Suspected Family Violence

The topics in the Dial-A-Law series provide general information on legal issues within the Province of Alberta. The purpose of this topic is to inform you of your legal rights and responsibilities. This is not legal advice. If you require legal advice, you should contact a lawyer.

This topic discusses actions that should be taken by any person who is aware of a situation involving spousal or partner abuse or family violence. Family violence includes verbal, physical, emotional, financial and sexual abuse, neglect, stalking and forced confinement:

  1. Call the police at 911 immediately if you are aware of an assault occurring. Speak slowly and clearly. Tell the police how serious the situation is and give them your name, address and phone number, as well as the location of the assault. Clearly tell the police that the particular person is being assaulted and what you heard or saw that led you to witness the assault. If there is no 911 service available, phone your local Police or RCMP. Be mindful of your own safety in these situations. For an example, do not attempt to intervene in the assault situation as this could put your own safety at risk. This is the job of trained police officer. If you wish to assist in the matter you simply need to cooperate with the police during their questioning and requests.
  1. Help the victim obtain medical assistance for any physical injuries they may have gotten from the assault. Urge the victim to see a doctor as soon as possible even if they refuse or have no complaints. Such persons may fear to come forward and report such injuries. However, try to support them as much as you can so that they feel more comfortable and safe while making such decisions. The doctor should be told how and by whom the injuries were caused by. The doctor should be requested to take colored photographs of any visible injuries and bruises so that these photos will corroborate the evidence in any Court proceeding that follows. The doctor will also be able to recommend any treatment for the injuries.
  1. Assist the victim in self-help actions if the violence is ongoing. For an instance, if the person is willing to leave the abuser, help them find a safe place to go or let them use your phone to communicate with the authorities. You could also call a shelter or crisis centre on their behalf if there is no other safe place for the victim to go. If leaving is not an option for whatever reason, urge the victim to contact the counseling staff at a shelter, crisis centre or counseling agency. Such agencies are trained to help people escape abusive situations and can access community resources that would help them stay safe.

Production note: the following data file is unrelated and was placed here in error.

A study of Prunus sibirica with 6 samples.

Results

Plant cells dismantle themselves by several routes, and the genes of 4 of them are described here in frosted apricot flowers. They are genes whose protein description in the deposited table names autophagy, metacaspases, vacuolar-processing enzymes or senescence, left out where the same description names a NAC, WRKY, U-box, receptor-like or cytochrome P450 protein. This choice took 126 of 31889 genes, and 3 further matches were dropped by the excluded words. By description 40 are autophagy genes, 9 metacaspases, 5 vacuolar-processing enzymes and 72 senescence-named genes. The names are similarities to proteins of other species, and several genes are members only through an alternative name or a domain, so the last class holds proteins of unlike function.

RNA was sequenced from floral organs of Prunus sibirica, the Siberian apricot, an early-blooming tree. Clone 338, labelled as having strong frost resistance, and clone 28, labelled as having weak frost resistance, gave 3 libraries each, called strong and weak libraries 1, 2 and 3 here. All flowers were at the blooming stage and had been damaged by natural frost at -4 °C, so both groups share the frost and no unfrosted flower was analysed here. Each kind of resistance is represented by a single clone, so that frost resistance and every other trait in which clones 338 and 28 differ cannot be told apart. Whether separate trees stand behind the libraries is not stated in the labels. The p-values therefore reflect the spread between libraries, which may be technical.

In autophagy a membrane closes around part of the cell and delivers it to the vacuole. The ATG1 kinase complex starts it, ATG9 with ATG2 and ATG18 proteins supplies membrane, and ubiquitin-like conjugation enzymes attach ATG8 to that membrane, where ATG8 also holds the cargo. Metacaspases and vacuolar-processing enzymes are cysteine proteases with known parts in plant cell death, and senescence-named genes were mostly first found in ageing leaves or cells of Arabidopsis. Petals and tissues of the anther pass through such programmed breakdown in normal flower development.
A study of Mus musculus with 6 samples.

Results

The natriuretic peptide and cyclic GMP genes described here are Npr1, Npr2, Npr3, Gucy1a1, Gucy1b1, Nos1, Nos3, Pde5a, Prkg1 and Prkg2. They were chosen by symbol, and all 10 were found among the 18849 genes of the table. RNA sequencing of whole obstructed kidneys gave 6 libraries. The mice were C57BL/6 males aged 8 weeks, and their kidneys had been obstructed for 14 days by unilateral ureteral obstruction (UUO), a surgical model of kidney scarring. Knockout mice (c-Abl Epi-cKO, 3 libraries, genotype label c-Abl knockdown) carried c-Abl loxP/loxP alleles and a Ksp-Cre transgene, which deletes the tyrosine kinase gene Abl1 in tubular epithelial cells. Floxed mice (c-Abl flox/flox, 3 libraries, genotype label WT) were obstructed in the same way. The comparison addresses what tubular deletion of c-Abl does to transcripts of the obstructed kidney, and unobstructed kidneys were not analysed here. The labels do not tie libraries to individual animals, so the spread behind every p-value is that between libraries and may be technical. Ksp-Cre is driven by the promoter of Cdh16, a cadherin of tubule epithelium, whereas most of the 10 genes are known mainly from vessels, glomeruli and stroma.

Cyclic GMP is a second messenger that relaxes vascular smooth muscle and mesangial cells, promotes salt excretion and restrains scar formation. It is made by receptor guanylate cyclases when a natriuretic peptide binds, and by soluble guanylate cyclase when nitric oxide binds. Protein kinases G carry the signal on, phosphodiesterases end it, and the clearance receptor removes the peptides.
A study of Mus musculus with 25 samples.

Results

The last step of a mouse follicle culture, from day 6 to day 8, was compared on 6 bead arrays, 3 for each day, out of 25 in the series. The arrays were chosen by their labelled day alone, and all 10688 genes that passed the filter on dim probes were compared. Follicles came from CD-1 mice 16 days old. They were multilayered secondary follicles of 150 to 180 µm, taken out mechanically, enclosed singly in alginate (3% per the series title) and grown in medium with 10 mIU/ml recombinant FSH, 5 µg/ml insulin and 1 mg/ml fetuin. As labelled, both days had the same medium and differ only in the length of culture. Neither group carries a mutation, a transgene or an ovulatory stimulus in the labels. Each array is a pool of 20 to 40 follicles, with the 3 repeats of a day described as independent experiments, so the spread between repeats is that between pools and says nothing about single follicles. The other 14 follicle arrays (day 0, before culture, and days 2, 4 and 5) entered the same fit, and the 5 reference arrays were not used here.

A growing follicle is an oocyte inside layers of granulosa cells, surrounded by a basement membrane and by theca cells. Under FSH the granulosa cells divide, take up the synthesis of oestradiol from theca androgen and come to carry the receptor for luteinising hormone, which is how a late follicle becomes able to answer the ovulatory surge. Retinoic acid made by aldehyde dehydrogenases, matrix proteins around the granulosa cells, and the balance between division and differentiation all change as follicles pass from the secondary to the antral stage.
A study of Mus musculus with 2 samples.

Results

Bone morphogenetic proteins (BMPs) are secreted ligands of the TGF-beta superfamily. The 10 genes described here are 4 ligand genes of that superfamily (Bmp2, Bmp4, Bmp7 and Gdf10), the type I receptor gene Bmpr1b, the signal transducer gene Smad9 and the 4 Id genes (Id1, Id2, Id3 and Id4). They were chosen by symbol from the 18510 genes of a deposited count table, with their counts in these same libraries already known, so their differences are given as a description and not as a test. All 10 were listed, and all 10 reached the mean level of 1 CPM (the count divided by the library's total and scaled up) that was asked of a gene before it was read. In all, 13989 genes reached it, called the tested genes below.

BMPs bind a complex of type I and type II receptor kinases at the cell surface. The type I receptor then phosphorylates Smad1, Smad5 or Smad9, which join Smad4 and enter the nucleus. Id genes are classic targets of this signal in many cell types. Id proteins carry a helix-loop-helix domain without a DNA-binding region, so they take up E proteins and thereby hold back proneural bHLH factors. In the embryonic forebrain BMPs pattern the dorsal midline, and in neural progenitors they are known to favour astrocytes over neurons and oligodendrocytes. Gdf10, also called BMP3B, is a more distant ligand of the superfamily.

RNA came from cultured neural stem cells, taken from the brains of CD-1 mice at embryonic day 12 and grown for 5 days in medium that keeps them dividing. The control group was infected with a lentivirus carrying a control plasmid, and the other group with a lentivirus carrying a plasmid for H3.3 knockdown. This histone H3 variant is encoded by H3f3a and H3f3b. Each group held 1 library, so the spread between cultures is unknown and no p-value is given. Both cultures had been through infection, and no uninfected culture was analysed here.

1. If the victim decides to leave the home, remind them to take the house keys, money, credit cards, bank books, health care cards, passports or birth certificates, driver’s license, medications and clothing essentials. Alberta works offers financial assistance if the victim is in financial difficulty. Remind the victim of this if they wish not to leave the home for financial reasons. The Victims of Crime Financial Benefits Program is another option. You may contact them at 780-427-7217 with any further questions you may have.
  1. If the victim has any children, it is important that you urge them not to leave them at home with the abuser. The abuser may use the children as a bargaining tool against the victim to force them to come home. The children’s safety is also not guaranteed if they are left at home with the abusing parent.

Help may also be available from Aboriginal Affairs and Northern Development Canada if is the victim is aboriginal. There is also an Alberta Native Friendship Association, which allows victims to connect with services and people who have also been in the same situations as them. You can contact them at 780-423-3138.

If you or someone you suspect is in immediate danger, call the provincial family violence information line on 310-1818. You can get help anonymously in more than 170 languages. Another option is contacting the Alberta provincial abuse helpline at 1-855-4HELPAB (1-855-443-5722).

Dial-A-Law is a Calgary Legal Guidance public service project funded in part by the Alberta Law Foundation.